At Lost Dogs of America, our state organizations concentrate their efforts to help the individual owners and finders of lost dogs. Their specially trained volunteers can give good advice and support for both shy and friendly lost dogs. They can also give you excellent advice if you have found a loose dog and are looking for the owner. Our organizations have helped successfully reunite thousands of dogs.
Some times, a missing dog becomes involved in a custody dispute. The dog has been located, but for whatever reason, is not in the possession of the owner. This is generally beyond our parameters of our mission or scope of our services.
We can offer some advice though – that may be helpful if you find yourself in this situation.
Who might have the dog?
- A disgruntled spouse, boyfriend or girlfriend, or family member.
- A disgruntled employee.
- A disgruntled contractor who believes that money is owed for services provided.
- A Good Samaritan who picked the dog up and has now become emotionally attached to the dog, or believed that the dog was neglected, abused or abandoned.
- An adopter who unknowingly adopted your lost dog from a shelter or rescue.
Here are our five suggestions if you are having trouble regaining custody of your dog:
- Immediately contact your local police department and file a police report. Dogs are property in all fifty states and somebody has possession of your property. Even if the police don’t appear helpful, this paper trail will help you if you have to go to court.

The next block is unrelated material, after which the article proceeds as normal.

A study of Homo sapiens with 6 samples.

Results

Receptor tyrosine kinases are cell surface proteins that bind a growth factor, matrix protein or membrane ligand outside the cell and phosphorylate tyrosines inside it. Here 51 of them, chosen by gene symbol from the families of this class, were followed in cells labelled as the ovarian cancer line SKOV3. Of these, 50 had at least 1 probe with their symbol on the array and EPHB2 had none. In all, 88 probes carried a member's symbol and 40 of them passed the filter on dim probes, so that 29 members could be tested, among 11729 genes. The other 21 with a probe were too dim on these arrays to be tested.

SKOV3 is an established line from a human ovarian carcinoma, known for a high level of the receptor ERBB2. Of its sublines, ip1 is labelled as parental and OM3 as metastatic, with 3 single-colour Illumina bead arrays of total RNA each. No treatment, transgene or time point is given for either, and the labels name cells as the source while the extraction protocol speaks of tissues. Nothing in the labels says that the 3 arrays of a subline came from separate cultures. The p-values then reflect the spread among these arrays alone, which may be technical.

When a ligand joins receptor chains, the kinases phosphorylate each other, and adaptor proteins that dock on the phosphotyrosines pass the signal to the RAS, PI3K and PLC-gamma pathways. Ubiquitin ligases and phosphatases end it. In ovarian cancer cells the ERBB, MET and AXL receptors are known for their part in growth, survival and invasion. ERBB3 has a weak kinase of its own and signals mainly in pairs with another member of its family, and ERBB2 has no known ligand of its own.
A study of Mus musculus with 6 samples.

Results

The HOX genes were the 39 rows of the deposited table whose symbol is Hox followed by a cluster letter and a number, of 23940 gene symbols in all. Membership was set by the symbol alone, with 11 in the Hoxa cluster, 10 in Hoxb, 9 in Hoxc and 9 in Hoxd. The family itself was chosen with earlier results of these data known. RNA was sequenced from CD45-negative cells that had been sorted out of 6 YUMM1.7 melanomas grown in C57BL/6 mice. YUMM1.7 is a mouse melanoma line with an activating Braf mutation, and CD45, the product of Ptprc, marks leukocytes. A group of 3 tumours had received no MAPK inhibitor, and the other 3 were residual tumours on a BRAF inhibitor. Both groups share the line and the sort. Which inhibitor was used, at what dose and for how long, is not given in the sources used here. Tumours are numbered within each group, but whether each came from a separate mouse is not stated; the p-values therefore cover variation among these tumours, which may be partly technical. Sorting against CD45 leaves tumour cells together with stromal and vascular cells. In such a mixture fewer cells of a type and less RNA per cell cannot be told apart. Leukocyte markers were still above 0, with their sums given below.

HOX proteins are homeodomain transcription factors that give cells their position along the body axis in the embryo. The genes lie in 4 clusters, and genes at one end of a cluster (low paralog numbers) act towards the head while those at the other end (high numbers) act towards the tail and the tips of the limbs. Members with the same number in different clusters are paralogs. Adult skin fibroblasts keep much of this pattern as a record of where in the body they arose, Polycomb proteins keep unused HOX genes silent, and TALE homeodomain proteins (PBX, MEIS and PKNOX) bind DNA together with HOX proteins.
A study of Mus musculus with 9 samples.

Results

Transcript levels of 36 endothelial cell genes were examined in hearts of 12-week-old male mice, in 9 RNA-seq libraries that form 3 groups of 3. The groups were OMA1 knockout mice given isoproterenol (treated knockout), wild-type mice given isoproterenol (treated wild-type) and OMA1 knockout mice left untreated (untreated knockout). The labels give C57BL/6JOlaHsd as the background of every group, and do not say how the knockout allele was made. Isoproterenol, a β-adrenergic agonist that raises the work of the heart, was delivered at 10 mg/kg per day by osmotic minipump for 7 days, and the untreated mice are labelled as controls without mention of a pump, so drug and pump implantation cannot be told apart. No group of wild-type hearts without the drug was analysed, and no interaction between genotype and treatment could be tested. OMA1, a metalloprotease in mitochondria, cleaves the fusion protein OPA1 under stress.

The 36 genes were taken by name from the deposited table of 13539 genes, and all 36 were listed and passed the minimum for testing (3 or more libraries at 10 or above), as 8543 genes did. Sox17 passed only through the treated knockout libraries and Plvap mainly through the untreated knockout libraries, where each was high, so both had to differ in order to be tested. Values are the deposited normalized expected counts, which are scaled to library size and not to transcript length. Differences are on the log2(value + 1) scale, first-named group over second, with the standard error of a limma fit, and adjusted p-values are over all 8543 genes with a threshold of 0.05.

- Heavily flyer the neighborhood AND the house where your dog is located. Some finders will turn the dog over either because they feel guilty or are afraid of getting in trouble with the law.
- Gather and organize all of your paperwork that proves ownership of your dog including adoption or sale papers, vet records, microchip information, family photographs and dog licensing records.
- Consider hiring an attorney and/or a private investigator to help you.
- Contact your local media to see if they will consider doing a story about your missing dog and your situation.
A few more tips:
Stay calm. The police will be more likely to help if you remain calm and rational.
Be smart and safe. Never arrange to meet anybody alone. Choose a neutral safe place to meet, perhaps the parking lot of the police station, and preferably during daylight hours. Better yet, ask the police to accompany you.
If you feel that you are being scammed – please click this link and read this article.
Don’t give up! Custody suits can take weeks, months or longer to pursue. Your dog is depending on you to bring him safely home.